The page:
HIGH POINT, N.C. (WGHP) — Open your eyes, and it’s there.

Misinformation. Disinformation. Flat-out false information. In the digital age, it’s everywhere you scan, scroll or skim.

“People are swiping or scrolling if something doesn’t catch their attention within three seconds,” said Christy Hribar, a senior at High Point University.

As the COVID-19 pandemic progressed, the sharing of false information, or what was coined “fake news,” earned a definition from the World Health Organization: infodemic.

“Too much information including false or misleading information in digital and physical environments during a disease outbreak. It causes confusion and risk-taking behaviors that can harm health,” WHO defined. “It also leads to mistrust in health authorities and undermines the public health response. An infodemic can intensify or lengthen outbreaks when people are unsure about what they need to do to protect their health and the health of people around them. With growing digitization – an expansion of social media and internet use – information can spread more rapidly. This can help to more quickly fill information voids but can also amplify harmful messages.”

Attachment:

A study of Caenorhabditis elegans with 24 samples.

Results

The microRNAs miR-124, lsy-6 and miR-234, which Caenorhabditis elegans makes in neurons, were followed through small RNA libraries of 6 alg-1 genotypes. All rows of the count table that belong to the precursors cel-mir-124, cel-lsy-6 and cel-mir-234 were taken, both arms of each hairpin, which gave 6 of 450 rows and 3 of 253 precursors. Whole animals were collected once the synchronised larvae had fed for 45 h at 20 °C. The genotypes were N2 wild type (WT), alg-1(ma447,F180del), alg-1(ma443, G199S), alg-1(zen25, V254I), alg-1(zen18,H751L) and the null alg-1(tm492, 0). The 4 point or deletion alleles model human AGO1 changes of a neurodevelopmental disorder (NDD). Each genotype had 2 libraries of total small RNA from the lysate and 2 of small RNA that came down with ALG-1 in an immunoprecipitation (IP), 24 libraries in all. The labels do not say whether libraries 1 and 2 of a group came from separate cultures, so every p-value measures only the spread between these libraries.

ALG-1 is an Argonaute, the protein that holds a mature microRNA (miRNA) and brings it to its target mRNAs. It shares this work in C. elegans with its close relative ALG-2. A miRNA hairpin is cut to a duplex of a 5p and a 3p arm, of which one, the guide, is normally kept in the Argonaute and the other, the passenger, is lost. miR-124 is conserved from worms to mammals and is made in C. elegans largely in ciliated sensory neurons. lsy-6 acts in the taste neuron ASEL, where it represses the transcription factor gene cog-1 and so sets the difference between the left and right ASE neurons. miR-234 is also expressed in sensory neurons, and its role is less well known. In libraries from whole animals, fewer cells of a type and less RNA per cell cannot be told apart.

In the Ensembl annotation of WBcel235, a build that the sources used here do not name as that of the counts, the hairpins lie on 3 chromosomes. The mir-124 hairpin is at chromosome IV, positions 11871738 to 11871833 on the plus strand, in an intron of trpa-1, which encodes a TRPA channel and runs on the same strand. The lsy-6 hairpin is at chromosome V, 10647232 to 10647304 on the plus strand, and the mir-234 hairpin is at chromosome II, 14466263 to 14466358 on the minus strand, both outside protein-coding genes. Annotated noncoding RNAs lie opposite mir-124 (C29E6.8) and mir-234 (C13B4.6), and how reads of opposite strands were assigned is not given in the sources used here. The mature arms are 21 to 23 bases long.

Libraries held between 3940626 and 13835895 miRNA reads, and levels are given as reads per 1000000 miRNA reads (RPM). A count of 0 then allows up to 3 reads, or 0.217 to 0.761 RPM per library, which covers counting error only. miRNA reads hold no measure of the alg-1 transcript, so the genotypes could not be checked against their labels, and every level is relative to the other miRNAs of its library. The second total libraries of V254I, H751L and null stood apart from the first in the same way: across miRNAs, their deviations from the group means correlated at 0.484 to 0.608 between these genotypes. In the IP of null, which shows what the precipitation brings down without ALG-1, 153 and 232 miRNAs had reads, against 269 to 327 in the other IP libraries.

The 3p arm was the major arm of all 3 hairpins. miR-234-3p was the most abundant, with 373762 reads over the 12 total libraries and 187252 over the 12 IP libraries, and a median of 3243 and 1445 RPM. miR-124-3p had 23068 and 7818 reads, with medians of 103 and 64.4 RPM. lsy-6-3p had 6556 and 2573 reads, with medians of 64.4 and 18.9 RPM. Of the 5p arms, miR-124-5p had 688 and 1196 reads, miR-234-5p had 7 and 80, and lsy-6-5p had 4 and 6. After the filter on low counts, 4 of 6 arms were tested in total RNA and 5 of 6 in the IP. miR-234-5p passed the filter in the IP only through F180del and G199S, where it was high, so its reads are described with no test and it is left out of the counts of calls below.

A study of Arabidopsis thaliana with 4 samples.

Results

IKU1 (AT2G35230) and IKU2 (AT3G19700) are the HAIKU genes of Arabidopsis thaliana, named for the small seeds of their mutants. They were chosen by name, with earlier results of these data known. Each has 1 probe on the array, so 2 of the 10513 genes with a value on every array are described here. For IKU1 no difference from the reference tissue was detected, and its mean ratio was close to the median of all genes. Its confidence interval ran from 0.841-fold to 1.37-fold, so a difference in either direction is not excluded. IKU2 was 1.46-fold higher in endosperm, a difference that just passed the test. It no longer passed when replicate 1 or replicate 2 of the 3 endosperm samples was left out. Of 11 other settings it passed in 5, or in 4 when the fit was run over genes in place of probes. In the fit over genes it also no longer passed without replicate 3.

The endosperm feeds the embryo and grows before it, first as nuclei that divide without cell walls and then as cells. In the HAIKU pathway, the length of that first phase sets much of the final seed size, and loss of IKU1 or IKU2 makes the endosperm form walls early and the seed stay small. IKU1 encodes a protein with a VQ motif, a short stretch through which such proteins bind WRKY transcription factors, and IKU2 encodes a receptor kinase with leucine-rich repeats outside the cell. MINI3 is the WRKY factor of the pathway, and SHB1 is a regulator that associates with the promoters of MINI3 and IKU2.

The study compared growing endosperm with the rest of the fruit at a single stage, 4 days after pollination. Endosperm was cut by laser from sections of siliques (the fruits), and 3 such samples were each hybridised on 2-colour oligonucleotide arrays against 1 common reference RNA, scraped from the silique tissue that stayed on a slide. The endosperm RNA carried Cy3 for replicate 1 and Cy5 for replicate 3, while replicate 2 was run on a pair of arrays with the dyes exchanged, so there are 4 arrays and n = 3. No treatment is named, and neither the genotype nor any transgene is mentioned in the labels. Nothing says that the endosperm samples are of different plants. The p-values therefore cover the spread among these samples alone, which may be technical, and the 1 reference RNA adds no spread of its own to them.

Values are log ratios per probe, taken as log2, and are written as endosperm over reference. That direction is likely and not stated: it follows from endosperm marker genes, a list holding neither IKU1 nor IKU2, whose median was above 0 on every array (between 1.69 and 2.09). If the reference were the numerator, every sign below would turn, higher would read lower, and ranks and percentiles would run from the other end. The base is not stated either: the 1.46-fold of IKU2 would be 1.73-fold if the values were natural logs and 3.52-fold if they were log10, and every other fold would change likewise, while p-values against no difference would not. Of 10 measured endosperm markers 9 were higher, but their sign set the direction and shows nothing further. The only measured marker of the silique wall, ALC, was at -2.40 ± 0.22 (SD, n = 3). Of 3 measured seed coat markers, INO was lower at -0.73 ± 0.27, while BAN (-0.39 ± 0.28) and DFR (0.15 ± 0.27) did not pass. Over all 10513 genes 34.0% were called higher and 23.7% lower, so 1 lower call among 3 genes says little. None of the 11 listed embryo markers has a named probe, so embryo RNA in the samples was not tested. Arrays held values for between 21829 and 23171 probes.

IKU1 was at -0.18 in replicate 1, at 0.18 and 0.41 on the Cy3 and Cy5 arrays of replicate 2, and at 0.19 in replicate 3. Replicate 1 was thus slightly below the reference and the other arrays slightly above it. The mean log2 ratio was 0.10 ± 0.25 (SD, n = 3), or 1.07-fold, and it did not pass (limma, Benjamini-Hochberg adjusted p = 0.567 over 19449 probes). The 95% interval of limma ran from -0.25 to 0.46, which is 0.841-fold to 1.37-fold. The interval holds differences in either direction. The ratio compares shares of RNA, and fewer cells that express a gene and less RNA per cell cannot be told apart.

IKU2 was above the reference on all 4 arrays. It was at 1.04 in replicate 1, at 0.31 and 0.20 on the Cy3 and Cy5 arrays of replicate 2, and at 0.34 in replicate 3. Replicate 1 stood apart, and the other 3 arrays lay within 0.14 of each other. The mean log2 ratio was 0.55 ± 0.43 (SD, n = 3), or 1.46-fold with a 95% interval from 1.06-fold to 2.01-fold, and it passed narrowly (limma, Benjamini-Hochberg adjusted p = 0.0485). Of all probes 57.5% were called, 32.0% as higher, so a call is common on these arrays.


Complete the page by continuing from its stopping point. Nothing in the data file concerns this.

But the sharing of false information spreads beyond the realm of diseases, and no one is immune.

In 2008, Facebook was only four years old. Twitter had been around for two years, and Instagram was two years away from launching. It’s the same year the News Literacy Project was established to help educators teach their students how to discern between fact and fiction.

“I don’t think anybody would disagree that that’s a serious issue in our society,” said John Mims, assistant professor of Strategic Communication at HPU.

This year, the Public Relations Student Society of America Partnered with the News Literacy Project for the Bateman Case Study Competition. HPU students have participated in the competition for the past six years.

“It’s hard to get people to care sometimes,” said HPU senior and campaign member Josh Noel.

In addition to doing surveys and studies, the students have created literature to encourage others to be critical in their gathering and spreading of news. Namely, by creating fliers and observing how they’re perceived.

“We want to make sure that you’re able to understand what you’re reading and what your source is and how credible it is, to then be able to share it with your community members,” Hribar said.

The students are also working to determine what demographics are most susceptible to the spread of false information, from both foreign and domestic sources.

“Now our students are actually stopping to think about, ‘is this real news? Should I be sharing this? Am I spreading disinformation?’” Mims said. “There is so much misinformation, or maybe not misinformation, but maybe misconstruction of the information so that it’s misleading.”

The students are wrapping up their campaign within the week. The finalists will present their work to a panel of judges in May.